Autumn in New York? Yes please

November 12th, 2023 | Ian Carnaby's Racing News

Not long ago, Katey Kontent finished a very good second at Salisbury. She was carrying 9st 10lbs and was up against colts and geldings so it was a very fair effort.

I think of all the people on course and in betting shops risking a few coins, or even a few notes, on this interestingly-named filly. Having read Amor Towles’ Rules of Civility  –  a fine, unusual novel lent to me by my good friend Howard Dawson  –  I know that Katey Kontent is an impecunious New Yorker who, through a chance meeting, finds herself moving in loftier social circles. The year is 1937, three years after the American-Belarusian Vladimir Dukelsky, who became Vernon Duke, wrote the song Autumn In New York, recorded by just about everyone from Billie Holiday to Frank Sinatra.

It made me think of several things. How much I love autumn, various family birthdays in November, including my own, the end of another Flat season, Operatic Society winning at Manchester when it staged the November Handicap, the leaves turning in New York, the film Bye Bye Braverman (I know, I know….) with George Segal and three Jewish friends hopelessly lost on their way to a funeral in the Big Apple, horses trying to defy 9st 10lbs or more in handicaps.

Like Proust, I remember exactly where I was when notable things happened. Karkeh Rud, one of John Meacock’s horses named after Persian rulers winning at 33/1 at Windsor in the mid-sixties? That was Ladbrokes, formerly a Charlie Malizia shop, in Portswood, Southampton. Import winning the Wokingham? A Radio Rentals shop window on Marylebone High Street, a road I loved so much it features in my book The Long Journey from Portman Square. Noel Murless’ Whortleberry? Sitting on a grassy bank outside the Willow Beauty in Harlow New Town, where all the pubs were named after butterflies or moths. Mid-70s, my first £50 bet, beaten on the nod by one of Harry Wragg’s at Newmarket. I’ve written about Whortleberry before and was delighted to receive a specially-made jar of whortleberry jam from trainer Jim Old and his wife Margaret.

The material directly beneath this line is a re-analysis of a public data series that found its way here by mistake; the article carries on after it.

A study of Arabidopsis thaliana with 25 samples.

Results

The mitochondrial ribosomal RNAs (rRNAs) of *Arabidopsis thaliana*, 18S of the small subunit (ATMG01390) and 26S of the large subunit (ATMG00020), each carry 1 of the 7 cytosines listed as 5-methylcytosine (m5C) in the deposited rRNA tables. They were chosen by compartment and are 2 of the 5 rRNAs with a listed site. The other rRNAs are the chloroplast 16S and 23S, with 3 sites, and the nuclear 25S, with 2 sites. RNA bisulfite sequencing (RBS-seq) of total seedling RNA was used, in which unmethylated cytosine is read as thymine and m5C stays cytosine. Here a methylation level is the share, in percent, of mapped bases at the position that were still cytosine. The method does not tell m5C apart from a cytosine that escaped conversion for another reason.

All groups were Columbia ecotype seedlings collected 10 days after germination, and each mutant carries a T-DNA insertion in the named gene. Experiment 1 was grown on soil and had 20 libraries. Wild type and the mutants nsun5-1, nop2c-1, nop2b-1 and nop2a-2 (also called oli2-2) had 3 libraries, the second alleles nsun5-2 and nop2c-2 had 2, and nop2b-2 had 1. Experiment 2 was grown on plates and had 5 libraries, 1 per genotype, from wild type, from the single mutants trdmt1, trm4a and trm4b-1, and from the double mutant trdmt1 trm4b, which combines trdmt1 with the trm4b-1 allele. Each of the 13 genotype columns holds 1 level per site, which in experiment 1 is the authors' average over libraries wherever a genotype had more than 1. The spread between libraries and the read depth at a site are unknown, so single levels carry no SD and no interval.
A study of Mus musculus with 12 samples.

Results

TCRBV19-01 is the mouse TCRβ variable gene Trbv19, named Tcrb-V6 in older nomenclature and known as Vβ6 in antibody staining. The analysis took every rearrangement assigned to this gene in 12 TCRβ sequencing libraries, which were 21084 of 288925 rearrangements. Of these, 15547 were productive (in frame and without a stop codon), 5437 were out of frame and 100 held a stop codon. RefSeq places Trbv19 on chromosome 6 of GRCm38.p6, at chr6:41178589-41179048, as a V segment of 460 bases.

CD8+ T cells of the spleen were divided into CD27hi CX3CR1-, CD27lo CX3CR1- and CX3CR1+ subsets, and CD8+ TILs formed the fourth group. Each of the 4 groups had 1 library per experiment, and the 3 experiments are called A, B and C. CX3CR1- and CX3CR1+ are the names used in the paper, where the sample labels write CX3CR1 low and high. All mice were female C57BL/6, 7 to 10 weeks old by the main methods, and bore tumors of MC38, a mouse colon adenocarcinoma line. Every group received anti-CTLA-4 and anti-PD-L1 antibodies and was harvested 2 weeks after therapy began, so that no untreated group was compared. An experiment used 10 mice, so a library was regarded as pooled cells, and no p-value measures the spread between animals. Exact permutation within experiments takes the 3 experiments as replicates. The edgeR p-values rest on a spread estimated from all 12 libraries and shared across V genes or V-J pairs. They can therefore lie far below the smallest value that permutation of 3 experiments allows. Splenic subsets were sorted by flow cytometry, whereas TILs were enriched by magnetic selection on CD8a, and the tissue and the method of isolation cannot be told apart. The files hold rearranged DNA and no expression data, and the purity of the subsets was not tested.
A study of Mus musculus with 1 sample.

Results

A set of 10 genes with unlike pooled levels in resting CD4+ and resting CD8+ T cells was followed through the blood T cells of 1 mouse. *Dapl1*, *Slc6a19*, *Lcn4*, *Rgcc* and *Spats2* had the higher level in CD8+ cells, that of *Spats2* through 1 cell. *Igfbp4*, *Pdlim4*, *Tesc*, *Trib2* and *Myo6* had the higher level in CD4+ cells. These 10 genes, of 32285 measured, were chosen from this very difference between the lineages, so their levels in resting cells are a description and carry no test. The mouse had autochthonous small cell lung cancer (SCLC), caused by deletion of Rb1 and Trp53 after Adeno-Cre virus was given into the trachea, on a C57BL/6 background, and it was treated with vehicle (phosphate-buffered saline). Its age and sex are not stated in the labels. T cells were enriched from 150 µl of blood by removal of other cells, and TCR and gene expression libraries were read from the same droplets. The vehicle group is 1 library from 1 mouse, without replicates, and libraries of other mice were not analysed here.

Anyway, I’m perfectly au fait with horses, people, places and investments but not so sharp when it comes to weights. I need to be because the majority of my bets on the Flat are in handicaps and plenty of horses are set to carry ten stones or more these days.

This may be my imagination but I think a lot of people ‘gloss over’ top-weights in big handicaps. It’s possibly a psychological thing and every now and then it catches us out, Astro King in the recent Cambridgeshire at Newmarket being a prime example. This was a magnificent effort under 9st 12lbs, the second time in a row he’d carried that much to victory. Unsurprisingly he started at 20/1 at headquarters. When I saw he’d been raised 5lbs after York I dismissed him too readily; an expensive mistake.

The wonderfully durable Sea Pigeon defied ten stones as a nine-year-old in the 1979 Ebor. He and jockey Jonjo O’Neill were hugely popular but he was still allowed to start at 18/1 because hardly anyone could imagine a scriptwriter’s dream actually coming to fruition.

I can’t claim to have backed many winners carrying ten stones, but as a teenage follower of Bill Wightman, Les Hall and Richmond Sturdy I wouldn’t have missed any that turned up. Funnily enough, it did happen once, though in a roundabout way.

Old Candid Picture, one of Les’s winners on a memorable day at York over 60 years ago, later moved to Basil Foster at Middleham. In the days when Stockton racecourse became Teesside Park and then reverted to Stockton, finally closing in 1981, Candid Picture’s star was on the wane but he was no back-number. Virtually ignored in the ring, he defied ten stones in a run-of-the-mill handicap and made one loyalist a few hundred miles away very happy indeed.

This performance would not have made him famous, but he was also partnered on the gallops by Davy Jones of the pop group the Monkees, the photograph appearing in more than one tabloid paper.

The Monkees were an underrated American group but Jones was born in Manchester and rode work from an early age. He and Foster were lifelong friends and when the trainer retired to Florida through ill health it was Jones who looked after him. They died in 2012 and 2013 respectively.

I imagine only one of them saw the leaves turning in New York and I must admit my own odds are on the drift. Still, we daydream believers can never be ruled out and that’s my candid opinion.